The Trace Center's Photosensitive Epilepsy Analysis Tool (PEAT) is a free, downloadable resource for developers to identify seizure risks in their web content and software. The evaluation used by PEAT is based on an analysis engine developed specifically for web and computer applications.
PEAT can help authors determine whether animations or video in their content are likely to cause seizures. Not all content needs to be evaluated by PEAT, but content that contains video or animation should be evaluated, especially if that content contains flashing or rapid transitions between light and dark background colors.
Reducing seizure risk
Photosensitive seizures can be provoked by certain types of flashing in web or computer content, including mouseovers that cause large areas of the screen to rapidly flash on and off repeatedly. Hazardous, seizure-inducing content has been inadvertently broadcast on television in the past, causing mass seizures in children. As web content becomes more dynamic and media-rich, it is important to prevent similar problems.
To minimize the risk of visually induced seizures, web designers and computer software developers should become familiar with the triggers of photosensitive disorder seizures. Content to consider includes bright and rapid flashes, especially red flash, and some spatial patterns. The Web Content Accessibility Guidelines 2.0 provides recommendations for using these forms of content safely. These guidelines include restrictions related to frequency, luminance, area and color of any flashing.
In general, web or computer content will not provoke seizures if either of the following is true:
- There are no more than three general flashes and no more than three red flashes within any one-second period, or
- The combined area of flashes occurring concurrently occupies no more than a total of one quarter of any 341 x 256 pixel rectangle anywhere on the displayed screen area when the content is viewed at 1024 by 768 pixels.
PEAT is capable of detecting general flash failures, red flash failures, and extended flash warnings. Additional details about the WCAG 2.0 requirements including definitions for the general and red flash thresholds can be found in Understanding Success Criterion 2.3.1 of Understanding WCAG 2.0.
PEAT system requirements
To run PEAT (including PEAT's capture tool) these are the minimum requirements:
- Computer with a multi-core processor (e.g. Intel Core 2 Duo or Intel Core 2 Quad) running at a minimum of 2.0GHz, with at least a low end dedicated graphics card or a relatively "fast" (circa 2009) integrated graphics solution. PEAT doesn't use much RAM, but the computer needs to have enough memory so that the operating system and the browser can run efficiently.
- At least 1280 x 800 screen resolution recommended (1024 x 768 minimum).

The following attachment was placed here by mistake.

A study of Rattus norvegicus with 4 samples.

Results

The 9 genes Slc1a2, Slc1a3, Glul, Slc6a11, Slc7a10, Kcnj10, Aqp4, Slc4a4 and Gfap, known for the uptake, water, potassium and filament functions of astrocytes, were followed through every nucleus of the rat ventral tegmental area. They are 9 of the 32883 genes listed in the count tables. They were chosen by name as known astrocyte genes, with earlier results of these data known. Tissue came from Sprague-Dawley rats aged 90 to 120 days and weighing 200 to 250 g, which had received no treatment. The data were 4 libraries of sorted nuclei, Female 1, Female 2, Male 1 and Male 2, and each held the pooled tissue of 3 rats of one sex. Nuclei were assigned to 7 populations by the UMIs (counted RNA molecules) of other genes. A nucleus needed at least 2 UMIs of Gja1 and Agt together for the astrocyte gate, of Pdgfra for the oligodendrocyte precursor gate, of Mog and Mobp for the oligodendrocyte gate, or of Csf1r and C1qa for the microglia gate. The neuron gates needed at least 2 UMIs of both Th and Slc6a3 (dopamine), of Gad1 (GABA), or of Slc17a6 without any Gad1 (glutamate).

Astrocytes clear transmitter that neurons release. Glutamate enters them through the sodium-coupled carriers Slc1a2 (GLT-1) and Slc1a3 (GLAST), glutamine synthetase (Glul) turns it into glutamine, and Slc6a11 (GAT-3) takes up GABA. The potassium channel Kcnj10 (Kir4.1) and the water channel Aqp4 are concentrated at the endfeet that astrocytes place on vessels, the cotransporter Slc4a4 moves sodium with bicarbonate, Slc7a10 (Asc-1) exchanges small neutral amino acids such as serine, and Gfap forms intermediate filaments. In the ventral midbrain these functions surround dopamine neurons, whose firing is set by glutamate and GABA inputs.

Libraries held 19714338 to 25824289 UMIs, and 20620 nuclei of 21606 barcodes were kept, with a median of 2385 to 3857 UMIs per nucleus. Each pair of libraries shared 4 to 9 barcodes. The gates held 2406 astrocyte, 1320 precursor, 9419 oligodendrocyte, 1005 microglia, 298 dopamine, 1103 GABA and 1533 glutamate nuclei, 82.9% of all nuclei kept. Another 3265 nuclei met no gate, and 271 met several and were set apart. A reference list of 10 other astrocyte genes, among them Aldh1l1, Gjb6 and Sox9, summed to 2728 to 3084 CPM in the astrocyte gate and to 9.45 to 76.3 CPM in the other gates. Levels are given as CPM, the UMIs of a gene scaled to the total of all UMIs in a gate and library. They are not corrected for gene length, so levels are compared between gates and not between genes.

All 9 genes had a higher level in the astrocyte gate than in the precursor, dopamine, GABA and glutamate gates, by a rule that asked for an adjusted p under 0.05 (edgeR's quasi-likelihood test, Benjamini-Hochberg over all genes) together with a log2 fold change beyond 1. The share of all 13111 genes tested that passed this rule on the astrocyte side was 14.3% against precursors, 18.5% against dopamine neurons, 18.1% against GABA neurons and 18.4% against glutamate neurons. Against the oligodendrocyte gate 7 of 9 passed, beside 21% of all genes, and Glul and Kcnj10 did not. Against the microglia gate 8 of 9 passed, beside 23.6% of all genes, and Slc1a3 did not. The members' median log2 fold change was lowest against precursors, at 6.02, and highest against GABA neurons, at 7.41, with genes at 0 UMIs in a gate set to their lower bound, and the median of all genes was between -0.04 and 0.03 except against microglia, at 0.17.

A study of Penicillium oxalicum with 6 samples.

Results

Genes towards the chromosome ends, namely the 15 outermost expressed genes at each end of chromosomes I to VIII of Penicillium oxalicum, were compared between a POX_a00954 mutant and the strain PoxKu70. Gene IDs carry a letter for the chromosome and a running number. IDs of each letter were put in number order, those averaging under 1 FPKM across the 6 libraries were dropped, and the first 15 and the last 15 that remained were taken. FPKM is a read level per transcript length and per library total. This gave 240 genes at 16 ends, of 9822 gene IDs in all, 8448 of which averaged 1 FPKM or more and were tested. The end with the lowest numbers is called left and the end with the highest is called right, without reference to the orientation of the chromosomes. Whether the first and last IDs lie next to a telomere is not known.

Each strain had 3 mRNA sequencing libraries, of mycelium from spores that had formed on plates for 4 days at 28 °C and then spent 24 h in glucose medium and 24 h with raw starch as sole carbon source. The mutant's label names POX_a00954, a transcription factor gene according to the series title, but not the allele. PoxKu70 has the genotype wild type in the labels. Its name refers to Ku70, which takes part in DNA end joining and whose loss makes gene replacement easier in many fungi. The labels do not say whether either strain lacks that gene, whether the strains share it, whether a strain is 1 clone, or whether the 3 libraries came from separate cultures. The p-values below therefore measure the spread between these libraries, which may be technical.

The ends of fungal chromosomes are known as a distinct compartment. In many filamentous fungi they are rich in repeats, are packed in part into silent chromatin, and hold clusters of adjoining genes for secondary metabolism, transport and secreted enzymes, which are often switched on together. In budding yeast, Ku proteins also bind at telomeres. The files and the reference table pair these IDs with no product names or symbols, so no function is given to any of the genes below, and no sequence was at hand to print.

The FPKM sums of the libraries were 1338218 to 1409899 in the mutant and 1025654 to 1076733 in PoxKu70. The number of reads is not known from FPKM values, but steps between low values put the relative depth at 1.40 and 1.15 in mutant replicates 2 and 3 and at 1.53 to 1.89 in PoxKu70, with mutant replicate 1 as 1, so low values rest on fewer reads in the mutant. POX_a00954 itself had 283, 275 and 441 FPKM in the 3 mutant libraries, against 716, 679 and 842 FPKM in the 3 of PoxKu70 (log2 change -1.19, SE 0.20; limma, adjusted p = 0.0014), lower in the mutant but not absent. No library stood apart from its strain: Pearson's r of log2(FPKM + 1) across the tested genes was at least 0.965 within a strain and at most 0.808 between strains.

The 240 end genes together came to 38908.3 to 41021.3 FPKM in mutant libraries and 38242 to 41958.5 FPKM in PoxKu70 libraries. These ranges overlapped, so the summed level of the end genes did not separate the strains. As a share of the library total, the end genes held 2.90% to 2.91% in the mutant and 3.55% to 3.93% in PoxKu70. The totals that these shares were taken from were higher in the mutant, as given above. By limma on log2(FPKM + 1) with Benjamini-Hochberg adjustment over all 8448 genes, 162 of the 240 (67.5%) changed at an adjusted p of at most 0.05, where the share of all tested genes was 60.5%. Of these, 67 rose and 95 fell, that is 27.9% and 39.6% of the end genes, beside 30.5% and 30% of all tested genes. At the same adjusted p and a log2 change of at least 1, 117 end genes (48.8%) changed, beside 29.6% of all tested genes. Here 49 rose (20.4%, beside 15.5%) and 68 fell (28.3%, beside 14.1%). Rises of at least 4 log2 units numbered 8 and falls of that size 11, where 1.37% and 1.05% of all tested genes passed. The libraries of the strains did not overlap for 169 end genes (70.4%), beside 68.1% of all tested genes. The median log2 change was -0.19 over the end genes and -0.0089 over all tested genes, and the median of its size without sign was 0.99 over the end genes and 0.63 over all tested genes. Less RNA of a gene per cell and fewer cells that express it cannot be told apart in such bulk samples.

- 32 bit color.
- Windows Vista, Windows 7, or Windows XP (with some restrictions). PEAT can also be run on a dual-boot Mac by booting into Windows with Boot Camp.
- Enough hard disk space to store captured videos. The frame size is fairly small, but the captured videos are not compressed. Three minutes of video occupies about 1GB of hard disk space.
Note: Additional details can be found in the System Requirements section of the PEAT User Guide.
Free download: Beta release of Photosensitive Epilepsy Analysis Tool (PEAT)
Installation: Unzip the download file (PEAT.zip) to the directory where you wish to install PEAT. To start PEAT, navigate to the installation directory and select PEAT.exe.
Note: This software is still in beta. Future releases may produce somewhat different results as the threshold analysis routines are still being refined. Beta versions of PEAT are set to expire periodically and users will be notified if newer versions of the software are available when the program is launched. Additional information about the software is available in the PEAT User Guide. If you have questions or feedback related to this software, please contact us or send us an email at email@example.com.
Restrictions on use
The Photosensitive Epilepsy Analysis Tool (PEAT) was developed to provide a free resource for Web designers and computer software developers. Use of PEAT to assess material commercially produced for television broadcast, film, home entertainment, or gaming industries is prohibited. For broadcast, film, home entertainment, and gaming applications, the Harding FPA software should be employed. Contact Cambridge Research Systems HardingFPA site for more information on commercial analysis tools. The Photosensitive Epilepsy Analysis Tool (PEAT) is copyright University of Wisconsin - Trace Center. The PSEe engine is copyright Cambridge Research Systems Ltd.
Funding for this work has been provided by the National Institute on Disability and Rehabilitation Research (NIDRR), U.S. Department of Education, under grants H133E980008, H133E030012, and H133E080022.